Join us as we welcome Sarah Fawn Montgomery, author of the memoir Quite Mad: An American Pharma Memoir, in discussion with local author Bruce Machart.
Diagnosed with severe anxiety, PTSD, and OCD in her early twenties, Sarah Fawn Montgomery spent the next ten years seeking treatment and the language with which to describe the indescribable consequences of her mental illness. Faced with disbelief, intolerable side effects, and unexpected changes in her mental health as a result of treatment, Montgomery turned to American history and her own personal history—including her turbulent childhood and the violence she faced as a young woman—to make sense of the experience.
Blending memoir with literary journalism, Montgomery’s Quite Mad: An American Pharma Memoir examines America’s history of mental illness treatment—lobotomies to sterilization, the rest cure to Prozac—to challenge contemporary narratives about mental health. Questioning what it means to be a woman with highly stigmatized disorders, Montgomery also asks why mental illness continues to escalate in the United States despite so many “cures.” Investigating the construction of mental illness as a “female” malady, Montgomery exposes the ways current attitudes towards women and their bodies influence madness as well as the ways madness has transformed to a chronic condition in our cultural imagination. Montgomery’s Quite Mad is one woman’s story, but it offers a beacon of hope and truth for the millions of individuals living with mental illness and issues a warning about the danger of diagnosis and the complex definition of sanity.
Sarah Fawn Montgomery is the author of Quite Mad: An American Pharma Memoir and the poetry chapbooks Regenerate: Poems of Mad Women, Leaving Tracks: A Prairie Guide, and The Astronaut Checks His Watch. Her poetry and prose have appeared or are forthcoming in various magazines including Crab Orchard Review, DIAGRAM, Electric Literature, Fugue, The Los Angeles Review, LitHub, The Normal School, North Dakota Quarterly, Passages North, The Pinch, Puerto del Sol, The Rumpus, Southeast Review, Terrain, and others. Her work has been anthologized in Trailhead: Literature for the Backcountry, Manifest West: Serenity and Severity, Circe’s Lament: An Anthology of Wild Women Poetry, The Great Gatsby Anthology, Shadowed: Unheard Voices, Extinguished and Extinct: An Anthology of Things that No Longer Exist, and Undead: A Poetry Anthology of Ghouls, Ghosts, and More. Her work has been nominated for several Pushcart Prizes, and her essays have been listed as notable in Best American Essays for the past several years.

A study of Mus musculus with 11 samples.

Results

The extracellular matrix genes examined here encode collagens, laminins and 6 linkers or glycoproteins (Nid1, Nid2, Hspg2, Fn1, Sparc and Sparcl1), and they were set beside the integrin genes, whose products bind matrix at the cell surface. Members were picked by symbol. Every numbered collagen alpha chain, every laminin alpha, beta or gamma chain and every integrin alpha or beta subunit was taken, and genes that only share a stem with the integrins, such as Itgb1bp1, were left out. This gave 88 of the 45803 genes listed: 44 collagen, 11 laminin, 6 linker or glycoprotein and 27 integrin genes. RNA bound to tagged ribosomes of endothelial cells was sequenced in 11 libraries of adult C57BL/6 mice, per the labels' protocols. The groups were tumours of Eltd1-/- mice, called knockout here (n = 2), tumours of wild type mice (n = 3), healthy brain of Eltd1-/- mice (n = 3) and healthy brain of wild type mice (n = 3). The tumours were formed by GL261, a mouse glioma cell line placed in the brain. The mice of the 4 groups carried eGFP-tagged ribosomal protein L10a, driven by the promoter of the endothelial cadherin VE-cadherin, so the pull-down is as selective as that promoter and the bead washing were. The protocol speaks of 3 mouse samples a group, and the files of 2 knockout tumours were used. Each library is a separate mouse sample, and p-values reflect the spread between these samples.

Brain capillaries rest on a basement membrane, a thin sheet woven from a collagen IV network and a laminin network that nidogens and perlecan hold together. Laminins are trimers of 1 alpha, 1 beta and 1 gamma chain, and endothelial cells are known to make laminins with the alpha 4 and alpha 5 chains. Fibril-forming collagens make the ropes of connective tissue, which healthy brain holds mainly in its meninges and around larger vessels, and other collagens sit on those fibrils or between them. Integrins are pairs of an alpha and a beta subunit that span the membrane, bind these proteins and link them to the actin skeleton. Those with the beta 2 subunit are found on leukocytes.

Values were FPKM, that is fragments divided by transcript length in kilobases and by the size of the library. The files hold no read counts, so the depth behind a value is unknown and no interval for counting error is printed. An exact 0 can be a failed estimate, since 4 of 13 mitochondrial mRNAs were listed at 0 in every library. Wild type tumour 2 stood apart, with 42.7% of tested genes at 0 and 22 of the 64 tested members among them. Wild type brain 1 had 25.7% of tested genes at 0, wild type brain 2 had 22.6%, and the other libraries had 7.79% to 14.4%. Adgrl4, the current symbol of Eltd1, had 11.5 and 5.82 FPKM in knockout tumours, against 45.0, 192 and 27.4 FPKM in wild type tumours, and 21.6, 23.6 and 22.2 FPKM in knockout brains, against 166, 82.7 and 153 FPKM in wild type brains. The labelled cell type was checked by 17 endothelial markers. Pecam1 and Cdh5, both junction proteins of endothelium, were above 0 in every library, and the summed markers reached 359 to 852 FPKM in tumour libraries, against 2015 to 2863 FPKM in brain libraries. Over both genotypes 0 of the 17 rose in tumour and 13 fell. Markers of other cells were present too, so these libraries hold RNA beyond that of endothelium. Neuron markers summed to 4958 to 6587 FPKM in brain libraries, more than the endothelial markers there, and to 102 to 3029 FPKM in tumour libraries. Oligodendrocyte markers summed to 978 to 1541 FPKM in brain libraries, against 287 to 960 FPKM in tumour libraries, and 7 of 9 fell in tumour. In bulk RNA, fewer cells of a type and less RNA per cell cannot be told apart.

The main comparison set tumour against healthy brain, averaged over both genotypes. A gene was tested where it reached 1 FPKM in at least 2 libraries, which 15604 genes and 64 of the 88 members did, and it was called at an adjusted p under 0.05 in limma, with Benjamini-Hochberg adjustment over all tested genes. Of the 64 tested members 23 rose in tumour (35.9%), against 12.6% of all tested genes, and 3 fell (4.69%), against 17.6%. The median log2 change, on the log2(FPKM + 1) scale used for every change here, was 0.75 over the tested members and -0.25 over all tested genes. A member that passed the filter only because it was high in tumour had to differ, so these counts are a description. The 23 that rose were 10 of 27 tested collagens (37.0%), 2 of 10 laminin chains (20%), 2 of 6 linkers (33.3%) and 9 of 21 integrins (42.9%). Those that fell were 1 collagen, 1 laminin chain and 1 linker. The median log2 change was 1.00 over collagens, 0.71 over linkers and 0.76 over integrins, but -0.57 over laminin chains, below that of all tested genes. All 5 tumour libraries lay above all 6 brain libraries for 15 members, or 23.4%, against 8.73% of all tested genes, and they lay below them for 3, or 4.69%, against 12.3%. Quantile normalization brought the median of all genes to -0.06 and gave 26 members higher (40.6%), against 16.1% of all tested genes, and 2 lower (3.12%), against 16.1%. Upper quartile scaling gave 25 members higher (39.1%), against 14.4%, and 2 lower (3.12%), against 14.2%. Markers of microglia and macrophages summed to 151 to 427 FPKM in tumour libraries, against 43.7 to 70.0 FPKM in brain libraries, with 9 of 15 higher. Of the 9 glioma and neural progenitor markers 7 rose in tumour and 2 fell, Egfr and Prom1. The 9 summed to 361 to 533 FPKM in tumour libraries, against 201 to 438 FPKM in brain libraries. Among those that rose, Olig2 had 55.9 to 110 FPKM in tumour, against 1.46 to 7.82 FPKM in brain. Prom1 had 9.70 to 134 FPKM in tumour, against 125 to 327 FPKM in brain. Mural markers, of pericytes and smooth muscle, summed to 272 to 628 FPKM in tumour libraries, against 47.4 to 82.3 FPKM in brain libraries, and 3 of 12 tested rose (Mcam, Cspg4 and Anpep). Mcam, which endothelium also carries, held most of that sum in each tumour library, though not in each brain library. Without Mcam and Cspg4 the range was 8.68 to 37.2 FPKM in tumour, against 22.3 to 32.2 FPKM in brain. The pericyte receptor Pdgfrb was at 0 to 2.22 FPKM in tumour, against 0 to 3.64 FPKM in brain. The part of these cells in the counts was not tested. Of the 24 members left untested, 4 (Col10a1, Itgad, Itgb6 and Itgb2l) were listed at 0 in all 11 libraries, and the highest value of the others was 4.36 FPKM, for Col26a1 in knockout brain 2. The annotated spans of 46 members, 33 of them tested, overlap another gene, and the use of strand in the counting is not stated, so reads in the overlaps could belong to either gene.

A native of California’s central coast, Sarah Fawn Montgomery holds an MFA in creative writing with a focus in nonfiction from California State University-Fresno and a PhD in English with a focus in creative writing and women's and gender studies from the University of Nebraska-Lincoln, where her dissertation won the University of Nebraska-Lincoln’s Folsom Distinguished Doctoral Dissertation Award. She has worked as Prairie Schooner’s Nonfiction Assistant Editor since 2011 and is an Assistant Professor at Bridgewater State University in Massachusetts.
Bruce Machart's debut collection of stories, Men in the Making, follows the widely acclaimed first novel, The Wake of Forgiveness, which was published by Houghton Mifflin Harcourt in the fall of 2010. Winner of the Texas Institute of Letters Steven Turner Prize for fiction, the Mountains and Plains Independent Booksellers Association's Reading the West Prize, the novel was named a Barnes and Noble "Discover Great New Writers" selection and a New York Times Book Review "Editors' Choice." Chosen as a Top Ten title for 2010 by The Cleveland Plain Dealer and The Wall Street Journal, the novel was a finalist for the American Booksellers Association's Indie's Choice award and the PEN/USA Literary Prize. The recipient of numerous awards and fellowships, Machart graduated from the MFA program at The Ohio State University in 1999. He is currently Assistant Professor of English at Bridgewater State University. He lives in Hamilton, Massachusetts.